SIM-Swap is a popular hacking method that exploits the two-factor authentication codes sent via text-based SMS messages and could be used to gain illegal access to Facebook, Twitter, or any other digital platform including banks that use SMS messages for two-factor authentications.
Sadaf Khan, a journalist, and the director of Media Matters for Democracy, during her regular use of Facebook, got a notification via her email that there were unsuccessful attempts made to log into her account from a host in Lahore, Pakistan. Upon closer investigation, she realised that the same host had attempted to log into her account a number of times in the past couple of weeks.
Fearing the worst, she decided to immediately change her password. In line with the global best practice, she had enabled the two-factor authentication on her phone, which meant that Facebook was to send her a ‘password reset code’ on her mobile phone through a text-based SMS, in order to identify it was indeed Sadaf Khan trying to change the password.
However, something strange happened. She expected a text message from ‘sender_ID’ titled ‘Facebook’, instead, she got this:
The password reset key, as expected did not work. She realised in minutes that her account was compromised. Thankfully, owing to meticulous recovery options provided by Facebook, she was able to able to recover her account under 10 mins, but the damage was already done. The time was enough for the hacker to download personal images, messages, videos, and any other personal data including private posts.
Could this be a fluke? Did the hacker just get lucky, or is it an established, proven technique, being used to target Internet accounts in an organised manner?
Abbas, another prolific Internet user residing in Rawalpindi, faced a similar predicament attempting to change his Facebook password. He received similar messages from an unauthentic source, with an incorrect code.
Needless to say, his Facebook account was also compromised. But how did it happen?
These attacks broadly involve intercepting the password reset codes sent via text-based SMS messages. It is much easier to intercept and read SMS messages because of their un-encrypted nature. SIM-Swap attacks operate with the same basic principle and are known to be highly effective. A testament of their effectiveness is the hacking incident where Jack Dorsey himself, the founder of Twitter, lost access to his Twitter account through a similar attack.
Although, in a classic SIM-Swap attack, the attacker tricks the mobile phone companies into issuing a duplicate SIM card of the victim, thereby having full access to his/her mobile communications, including the SMS messages. The attacker then proceeds to initiate the ‘password reset’ process of his/her desired platform (Facebook, Twitter, or even a bank account) and uses the password reset code sent to the victim’s number, which is now effectively in the possession of the attacker himself. However, a broad category of attacks based on the manipulation or the interception of password reset codes through text-based SMS messages could also be referred to as the ‘SIM-Swap attacks’ for the ease of understanding. They, albeit, require a slightly more sophisticated approach, which may or may not include interception of SMS messages or even a back-door app installed on victim’s phone allowing the attacker access to victim’s SMS messages.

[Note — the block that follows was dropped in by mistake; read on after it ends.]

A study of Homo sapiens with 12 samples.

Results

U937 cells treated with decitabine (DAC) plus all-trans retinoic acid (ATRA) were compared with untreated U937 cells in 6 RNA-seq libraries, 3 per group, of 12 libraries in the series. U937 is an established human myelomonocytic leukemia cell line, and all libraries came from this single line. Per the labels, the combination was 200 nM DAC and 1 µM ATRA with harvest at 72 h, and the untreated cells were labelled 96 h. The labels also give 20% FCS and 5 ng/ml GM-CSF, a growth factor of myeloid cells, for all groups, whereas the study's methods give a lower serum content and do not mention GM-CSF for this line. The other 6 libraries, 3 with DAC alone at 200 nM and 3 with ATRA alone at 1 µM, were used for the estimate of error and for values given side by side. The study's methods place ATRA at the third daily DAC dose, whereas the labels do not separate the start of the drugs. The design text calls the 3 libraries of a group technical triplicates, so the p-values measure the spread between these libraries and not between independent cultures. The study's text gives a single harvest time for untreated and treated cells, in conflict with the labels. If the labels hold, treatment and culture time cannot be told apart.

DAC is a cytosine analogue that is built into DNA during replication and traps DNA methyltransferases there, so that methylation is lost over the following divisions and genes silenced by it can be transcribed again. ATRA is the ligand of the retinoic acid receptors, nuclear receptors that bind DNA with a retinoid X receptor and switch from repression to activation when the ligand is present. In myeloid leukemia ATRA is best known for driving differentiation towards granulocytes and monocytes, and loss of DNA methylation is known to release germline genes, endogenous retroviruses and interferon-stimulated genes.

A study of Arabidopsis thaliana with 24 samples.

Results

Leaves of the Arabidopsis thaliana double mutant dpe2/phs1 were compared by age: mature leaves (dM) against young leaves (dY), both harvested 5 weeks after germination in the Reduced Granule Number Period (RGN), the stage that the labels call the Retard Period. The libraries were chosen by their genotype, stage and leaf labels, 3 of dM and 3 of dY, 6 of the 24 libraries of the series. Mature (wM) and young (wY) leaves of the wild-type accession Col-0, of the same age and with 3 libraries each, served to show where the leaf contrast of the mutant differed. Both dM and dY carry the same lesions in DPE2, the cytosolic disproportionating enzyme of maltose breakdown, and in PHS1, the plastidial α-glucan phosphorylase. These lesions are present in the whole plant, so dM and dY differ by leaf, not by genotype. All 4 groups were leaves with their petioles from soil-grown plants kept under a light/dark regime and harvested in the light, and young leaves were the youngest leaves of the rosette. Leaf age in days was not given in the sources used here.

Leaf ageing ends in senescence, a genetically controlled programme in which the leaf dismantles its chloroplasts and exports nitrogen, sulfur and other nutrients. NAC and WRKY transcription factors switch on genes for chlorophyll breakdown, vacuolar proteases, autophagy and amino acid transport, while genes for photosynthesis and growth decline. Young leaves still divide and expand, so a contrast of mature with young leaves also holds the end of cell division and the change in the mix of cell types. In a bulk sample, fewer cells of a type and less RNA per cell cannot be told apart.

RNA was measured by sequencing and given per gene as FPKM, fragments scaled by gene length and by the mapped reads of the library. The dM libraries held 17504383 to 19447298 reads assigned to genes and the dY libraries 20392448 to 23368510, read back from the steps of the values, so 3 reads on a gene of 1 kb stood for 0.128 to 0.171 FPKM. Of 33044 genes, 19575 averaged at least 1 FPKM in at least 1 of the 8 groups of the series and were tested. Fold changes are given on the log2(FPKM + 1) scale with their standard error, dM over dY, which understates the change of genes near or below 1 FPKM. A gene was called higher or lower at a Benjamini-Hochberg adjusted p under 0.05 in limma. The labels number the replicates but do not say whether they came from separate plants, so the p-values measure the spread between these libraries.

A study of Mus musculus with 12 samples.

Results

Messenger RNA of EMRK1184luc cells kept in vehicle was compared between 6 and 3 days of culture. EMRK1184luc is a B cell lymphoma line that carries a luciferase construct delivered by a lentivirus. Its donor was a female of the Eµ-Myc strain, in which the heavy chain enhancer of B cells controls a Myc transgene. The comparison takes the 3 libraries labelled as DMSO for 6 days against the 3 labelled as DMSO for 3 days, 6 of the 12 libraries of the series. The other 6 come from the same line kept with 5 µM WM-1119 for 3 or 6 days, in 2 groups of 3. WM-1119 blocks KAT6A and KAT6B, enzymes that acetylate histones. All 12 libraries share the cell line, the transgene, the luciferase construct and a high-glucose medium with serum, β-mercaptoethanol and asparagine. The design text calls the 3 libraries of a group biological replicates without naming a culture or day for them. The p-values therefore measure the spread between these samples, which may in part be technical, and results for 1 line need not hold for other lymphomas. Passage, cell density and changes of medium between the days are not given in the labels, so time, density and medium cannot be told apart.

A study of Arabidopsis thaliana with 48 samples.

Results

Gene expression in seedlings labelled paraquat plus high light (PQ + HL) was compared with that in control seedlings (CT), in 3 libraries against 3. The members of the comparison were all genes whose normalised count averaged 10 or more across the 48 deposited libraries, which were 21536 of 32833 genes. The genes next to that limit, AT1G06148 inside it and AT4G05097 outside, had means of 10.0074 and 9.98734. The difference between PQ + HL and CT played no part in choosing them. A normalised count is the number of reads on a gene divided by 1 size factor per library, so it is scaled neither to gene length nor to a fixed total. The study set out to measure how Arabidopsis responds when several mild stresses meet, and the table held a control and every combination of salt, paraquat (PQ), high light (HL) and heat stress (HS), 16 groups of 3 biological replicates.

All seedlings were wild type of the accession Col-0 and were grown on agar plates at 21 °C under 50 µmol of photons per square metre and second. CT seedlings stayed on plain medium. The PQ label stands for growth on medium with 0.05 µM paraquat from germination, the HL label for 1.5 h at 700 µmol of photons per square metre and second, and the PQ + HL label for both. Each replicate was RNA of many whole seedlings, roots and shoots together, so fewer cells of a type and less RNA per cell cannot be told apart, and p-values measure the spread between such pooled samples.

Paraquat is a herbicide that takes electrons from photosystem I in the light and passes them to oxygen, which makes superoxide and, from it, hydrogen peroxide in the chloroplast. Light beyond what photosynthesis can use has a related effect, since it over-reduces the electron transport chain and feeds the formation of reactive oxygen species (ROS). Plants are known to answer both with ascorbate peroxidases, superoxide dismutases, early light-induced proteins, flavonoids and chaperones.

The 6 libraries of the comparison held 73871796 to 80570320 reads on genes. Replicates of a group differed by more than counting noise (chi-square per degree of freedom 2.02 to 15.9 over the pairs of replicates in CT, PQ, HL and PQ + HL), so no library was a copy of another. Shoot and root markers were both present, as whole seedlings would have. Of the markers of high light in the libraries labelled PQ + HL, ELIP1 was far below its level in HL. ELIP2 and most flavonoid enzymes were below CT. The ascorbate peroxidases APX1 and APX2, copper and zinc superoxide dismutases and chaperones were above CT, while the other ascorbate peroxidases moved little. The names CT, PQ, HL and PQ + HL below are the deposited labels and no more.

How to protect yourself against ‘SIM-Swap’ or similar attacks?
Thankfully, protection is easy, and no, it doesn’t involve de-activating the two-factor authentication as believed by many. Here are a few pointers that can help you avoid these attacks:
Use 3rd party encrypted authenticators: Facebook and many other platforms allow for a 3rd party authenticator service to safely (through encryption) send password reset codes to the users, without compromising on the security. One such service is Google Authenticator. You can enable Google Authenticator on various platforms including Facebook, and receive the password reset codes through in-app communication which is both encrypted, and safe. Click here if you wish to know more about using Google Authenticator with Facebook.
Use three-factor authentication for bank transactions: Most banks allow for three-factor authentication, wherein password reset codes, or a code to approve specific activities such as online payments, are sent to both, the email addresses and the mobile phone through SMS messages.
Keep an eye out for strange characters and sender identity: password reset codes are only sent through official means of communications, often with a sender identify titled ‘Google’, or ‘Facebook’, or depending on the service you are using. Any message coming through a private phone number should raise red-flags.
Never install apps with doubtful sources: a simple
What to do if your account is hacked?
For starters, don’t panic! Most online platforms, including Facebook, have meticulous measures in place to allow users to recover their accounts. It is, thus, rare for an attacker to maintain the possession of your account if you have taken even the most basic of steps to ensure a safe recovery. Here’s what you need to remember while recovering your account:
It can be hacked again: Move quickly, and change your two-factor authentication method from SMS to either Google Authenticator, or temporarily to a safe email address. Change the password immediately after, and review the recovery options just to be sure.
Assess the damage: Most platforms, after a successful recovery, let’s you automatically delete any content (text, pictures, videos) that might have been posted on your timeline by the attacker. Make sure you document any such activity if you see it.
Report to the authorities: Your account could have become an accessory to a cybercrime. It is always important to report this activity to the FIA’s cybercrimes division. Click here to report.